After suffering a gruesome foot injury after coming down on the foot of Rudy Gobert, Los Angeles Lakers superstar Anthony Davis has worked tirelessly to return to the court and try and help his team make the playoffs.
The big man made his return and while he has been good in his two games back, he is clearly not 100% and the Lakers still have been unable to get on the winning side of things.
But as long as the Lakers still have a chance at getting into the Play-In Tournament, Davis plans on being out on the court even if he isn’t quite at his best. Speaking with Dan Woike of the L.A. Times, Davis insisted that he will push through the pain for his team:
“At this point, I know what we’re playing for,” Davis said. “If I’ve got to go through this pain — hopefully it’s not the last four games, hopefully it’s more — then, so be it. I know that, me, myself and my team, know I left it out on the floor. Just like I did in the playoffs last year as well. Give myself a chance — and help give our team chance.
“I’m not going to sit down and quit if I feel like I can at least get out there. If I’m 60%, 70%, whatever, I think my 70% is better than a lot of guys’ 100%. I want to help the team.”
Injuries have been the story of Davis’ career and while many of his early issues were minor, the last couple of seasons have been more severe and he has garnered some criticism for being unable to stay on the floor. While he had been relatively healthy for the four prior seasons, including his first with the Lakers, the last two years have been rough.
Last year, Dabis suffered through heel and calf issues after the extremely quick turnaround between seasons that cost him 30 games and hampered him in the playoffs. This year, he has dealt with an MCL sprain as well as the awful turned ankle that caused a mid-foot sprain. This has led to some calling him soft, but Davis feels he is in a no-win situation with these issues:
“This is what I’ve learned about injuries: Last year when I wasn’t playing, people were saying ‘AD’s giving up on his team. It’s the playoffs. AD has to play. He’s got to play.’ And when I went out there to play, got hurt again, they said, ‘Who was his trainer? Who let him play?’
“So, what the [expletive] do you want me to do? When I play, it’s a problem. It’s a problem when I don’t play. At the end of the day, I’ve got to do what’s best for me and how my body feels. And we go from there. I’m not worried about who’s saying what or who thinks this about me because none of them have stepped on the floor and played. And the ones that did play, they should understand.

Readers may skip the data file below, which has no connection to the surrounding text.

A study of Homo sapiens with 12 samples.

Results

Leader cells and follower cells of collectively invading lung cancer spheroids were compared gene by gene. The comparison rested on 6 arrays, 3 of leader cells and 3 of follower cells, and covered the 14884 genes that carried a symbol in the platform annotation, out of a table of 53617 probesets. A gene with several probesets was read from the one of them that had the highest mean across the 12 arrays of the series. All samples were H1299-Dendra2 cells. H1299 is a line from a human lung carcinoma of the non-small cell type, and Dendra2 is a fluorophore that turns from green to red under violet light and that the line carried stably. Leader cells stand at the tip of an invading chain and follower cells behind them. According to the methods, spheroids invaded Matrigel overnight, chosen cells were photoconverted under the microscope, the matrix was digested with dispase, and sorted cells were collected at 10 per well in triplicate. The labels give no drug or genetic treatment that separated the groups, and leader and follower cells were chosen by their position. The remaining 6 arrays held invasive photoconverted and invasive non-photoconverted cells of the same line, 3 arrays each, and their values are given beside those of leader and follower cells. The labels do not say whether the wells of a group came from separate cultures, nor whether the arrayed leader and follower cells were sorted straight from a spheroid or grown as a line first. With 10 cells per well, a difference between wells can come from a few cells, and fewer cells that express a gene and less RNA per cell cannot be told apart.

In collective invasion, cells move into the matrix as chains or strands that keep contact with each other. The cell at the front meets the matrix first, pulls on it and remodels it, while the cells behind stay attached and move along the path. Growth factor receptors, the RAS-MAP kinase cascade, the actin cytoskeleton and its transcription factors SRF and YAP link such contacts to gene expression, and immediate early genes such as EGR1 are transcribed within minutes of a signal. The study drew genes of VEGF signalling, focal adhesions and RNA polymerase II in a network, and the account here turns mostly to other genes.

“These aren’t little ticky-tack injuries.”
The unfortunate part about Davis’ injuries this season was that they were pretty unpreventable. The MCL sprain came when a player fell backward into his knee and it bent the wrong way. The foot sprain speaks for itself as players come down on other players’ feet all the time in the NBA, and this is something that Davis realizes and refuses to allow it to keep him down:
“The real basketball guys know that there’s nothing I could’ve done in these situations,” Davis said. “What? Move out the way? I keep that attitude because, one, my wife makes me, and two, it’s knowing that these really weren’t my fault. How can I be down or upset or care what people are saying? It could’ve been anybody. I could wear shoes that come up to my knees.
“There’s not one player in the world who could step on somebody’s foot from the air and not roll your ankle. It doesn’t matter the shoe. You step on somebody’s foot, you’re going to roll your ankle.”
Unfortunately for Davis, he has been hit with the injury-prone label and thus each time he goes down it will be met with sighs and eye-rolls from many. But the big man will continue to fight through everything and try and deliver on the court as best he can for the betterment of his team.